Management skills training - Giving constructive criticism

Giving constructive criticism

Giving constructive criticism is one of the most important skills for the leader/ manager.

Constructive criticism is criticism of a person's behaviour, work performance or idea, which is perceived by the receiver, to be more like help, or friendly guidance, rather than "a telling off".

Constructive criticism is important because the fact is,

  • People sometimes do things wrong.
  • And or, they sometimes do the wrong things.

And because they do the wrong things, and do things wrong, they need to be corrected.

But most people hate being corrected.

  • Most people like being praised.
  • But they hate being corrected.

The attitude of most people to "corrective feedback" is, "How dare you criticise me?"

Corrective feedback, critical feedback, is a vital component of success because any deviation from correct performance of a task is a waste of time, money and effort.
And if the deviation from correct performance is severe or prolonged, then that error could cause the whole project to fail.
So, you need to give corrective feedback, critical feedback: It must be given by you to the people who are doing it wrong, but the problem is that: people hate to be corrected by you.

This is a problem.

In order to resolve this it is important to make the distinction between a Constructive, "Negative Feedback" message and an insult

The difference between an insult and negative feedback

In order to figure out the difference, please read the following statements and label each one either Feedback or Insult.

  1. You are an idiot. Feedback or Insult?
  2. You were late for the last three team meetings. Feedback or Insult?
  3. You were totally unprofessional.
  4. Your earrings look stupid.
  5. There is a spelling mistake here.
  6. Your shoes are muddy and you have a coffee stain on your shirt.
  7. You look a right mess.
  8. You are a clown.
  9. You didn't send me those documents like you said you would.
  10. You fool. You didn't send me those documents. Feedback or Insult?

Here are the answers:

  • You are an idiot. Insult.
  • You were late for the last three team meetings. Feedback.
  • You were totally unprofessional. Insult.
  • Your earrings look stupid. Insult.
  • There is a spelling mistake here. Feedback.
  • Your shoes are muddy and you have a coffee stain on your shirt. Feedback.
  • You look a right mess. Insult.
  • You are a clown. Insult.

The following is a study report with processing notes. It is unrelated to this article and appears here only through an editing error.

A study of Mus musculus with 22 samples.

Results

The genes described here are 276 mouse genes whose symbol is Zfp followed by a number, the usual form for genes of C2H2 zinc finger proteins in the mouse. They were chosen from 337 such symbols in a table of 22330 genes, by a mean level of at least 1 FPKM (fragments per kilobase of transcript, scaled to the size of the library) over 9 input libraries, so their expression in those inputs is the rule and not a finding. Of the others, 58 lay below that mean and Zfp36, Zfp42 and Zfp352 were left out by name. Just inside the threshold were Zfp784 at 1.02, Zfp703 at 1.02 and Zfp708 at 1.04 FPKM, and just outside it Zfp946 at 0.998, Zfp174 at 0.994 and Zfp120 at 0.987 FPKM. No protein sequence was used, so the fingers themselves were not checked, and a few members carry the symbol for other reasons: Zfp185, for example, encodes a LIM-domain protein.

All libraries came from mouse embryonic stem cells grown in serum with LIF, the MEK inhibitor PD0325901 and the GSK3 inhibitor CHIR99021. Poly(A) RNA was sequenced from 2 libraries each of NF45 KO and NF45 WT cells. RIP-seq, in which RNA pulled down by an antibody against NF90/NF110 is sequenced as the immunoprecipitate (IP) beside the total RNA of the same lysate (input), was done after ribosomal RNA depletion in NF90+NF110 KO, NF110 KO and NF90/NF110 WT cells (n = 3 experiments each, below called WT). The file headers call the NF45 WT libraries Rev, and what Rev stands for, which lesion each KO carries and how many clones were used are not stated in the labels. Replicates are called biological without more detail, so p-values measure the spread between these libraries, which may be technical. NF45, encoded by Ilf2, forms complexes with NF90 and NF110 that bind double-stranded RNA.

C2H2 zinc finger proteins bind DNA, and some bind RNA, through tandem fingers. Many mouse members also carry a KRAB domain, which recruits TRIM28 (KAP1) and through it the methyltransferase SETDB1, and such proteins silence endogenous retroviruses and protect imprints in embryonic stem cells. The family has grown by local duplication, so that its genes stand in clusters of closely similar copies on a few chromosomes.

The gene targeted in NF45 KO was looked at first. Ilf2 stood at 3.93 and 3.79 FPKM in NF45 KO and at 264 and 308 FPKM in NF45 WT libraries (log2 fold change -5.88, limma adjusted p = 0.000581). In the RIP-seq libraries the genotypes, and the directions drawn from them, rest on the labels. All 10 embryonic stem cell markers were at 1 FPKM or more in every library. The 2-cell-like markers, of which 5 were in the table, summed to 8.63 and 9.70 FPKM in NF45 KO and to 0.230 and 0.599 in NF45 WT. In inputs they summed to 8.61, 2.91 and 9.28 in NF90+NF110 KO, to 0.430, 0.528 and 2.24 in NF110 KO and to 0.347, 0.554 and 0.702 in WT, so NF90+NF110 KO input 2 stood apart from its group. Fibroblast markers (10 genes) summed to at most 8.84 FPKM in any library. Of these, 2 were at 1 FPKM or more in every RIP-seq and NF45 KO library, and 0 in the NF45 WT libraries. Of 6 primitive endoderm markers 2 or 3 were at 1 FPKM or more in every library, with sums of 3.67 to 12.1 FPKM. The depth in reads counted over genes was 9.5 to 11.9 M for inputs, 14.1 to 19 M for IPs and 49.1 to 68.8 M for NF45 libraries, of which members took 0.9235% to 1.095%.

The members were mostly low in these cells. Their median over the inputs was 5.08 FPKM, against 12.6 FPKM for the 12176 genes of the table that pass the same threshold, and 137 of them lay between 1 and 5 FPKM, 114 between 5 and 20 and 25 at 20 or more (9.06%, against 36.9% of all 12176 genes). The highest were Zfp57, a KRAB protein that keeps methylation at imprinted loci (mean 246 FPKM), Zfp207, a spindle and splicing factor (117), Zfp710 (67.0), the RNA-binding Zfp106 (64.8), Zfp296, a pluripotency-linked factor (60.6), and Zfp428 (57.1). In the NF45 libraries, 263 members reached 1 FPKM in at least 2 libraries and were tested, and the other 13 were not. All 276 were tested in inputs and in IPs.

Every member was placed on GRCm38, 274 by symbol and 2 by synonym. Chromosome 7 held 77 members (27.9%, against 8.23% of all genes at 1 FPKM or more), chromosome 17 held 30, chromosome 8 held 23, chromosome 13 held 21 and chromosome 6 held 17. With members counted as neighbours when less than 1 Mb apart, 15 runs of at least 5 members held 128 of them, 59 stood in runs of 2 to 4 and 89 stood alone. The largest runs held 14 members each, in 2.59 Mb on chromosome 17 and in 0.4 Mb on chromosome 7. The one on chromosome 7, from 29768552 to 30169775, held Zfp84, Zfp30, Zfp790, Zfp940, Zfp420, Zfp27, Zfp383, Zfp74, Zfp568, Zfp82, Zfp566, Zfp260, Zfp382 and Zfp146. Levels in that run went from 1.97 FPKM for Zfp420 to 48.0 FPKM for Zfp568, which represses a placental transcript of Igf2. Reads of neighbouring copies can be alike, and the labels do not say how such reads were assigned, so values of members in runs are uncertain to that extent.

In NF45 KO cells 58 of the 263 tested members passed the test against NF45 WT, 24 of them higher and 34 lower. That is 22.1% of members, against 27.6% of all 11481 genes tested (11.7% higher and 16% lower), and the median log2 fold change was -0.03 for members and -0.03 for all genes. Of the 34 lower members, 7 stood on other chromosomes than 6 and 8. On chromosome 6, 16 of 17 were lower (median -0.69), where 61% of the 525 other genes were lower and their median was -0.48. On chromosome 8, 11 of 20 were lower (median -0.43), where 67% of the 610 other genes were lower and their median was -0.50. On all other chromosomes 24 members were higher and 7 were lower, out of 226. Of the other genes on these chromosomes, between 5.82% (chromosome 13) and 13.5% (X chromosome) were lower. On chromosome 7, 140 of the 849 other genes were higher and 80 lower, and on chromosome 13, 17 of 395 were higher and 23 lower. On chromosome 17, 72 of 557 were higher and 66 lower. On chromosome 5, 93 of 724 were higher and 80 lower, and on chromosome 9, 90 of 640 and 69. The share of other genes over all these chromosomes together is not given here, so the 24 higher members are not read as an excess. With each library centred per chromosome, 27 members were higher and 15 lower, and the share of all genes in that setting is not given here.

• You didn't send me those documents, like you said you would. Feedback.
  • You fool. You didn't send me those documents. Insult.

What are the characteristics of insults that make them insulting?

  • Insults are intended to hurt
  • Vague
  • Are intended to hurt
  • Emotionalised
  • Does not suggest a specific corrective action
  • Subjective

What are the characteristics of feedback messages that make them not insulting?

  • Constructive, negative feedback
  • Are not intended to hurt
  • Specific
  • Factual
  • Does suggest a specific corrective action
  • Objective

The point to remember is, distinguish between insults and feedback information:

  • Dish out feedback.
  • Don't dish out insults.
  • Don't get them mixed up.

Insults are: Vague, emotionalised. They do not suggest a specific corrective action and are subjective.

Constructive feedback is: Specific, factual. Does suggest a specific corrective action and is objective.

Make your feedback objective and specific.

What is positive and negative feedback?

About the Author: Chris Farmer

Chris

Chris Farmer is the founder of the Corporate Coach Group and has many years’ experience in training leaders and managers, in both the public and private sectors, to achieve their organisational goals, especially during tough economic times. He is also well aware of the disciplines and problems associated with running a business.

Over the years, Chris has designed and delivered thousands of training programmes and has coached and motivated many management teams, groups and individuals. His training programmes are both structured and clear, designed to help delegates organise their thinking and, wherever necessary, to improve their techniques and skills.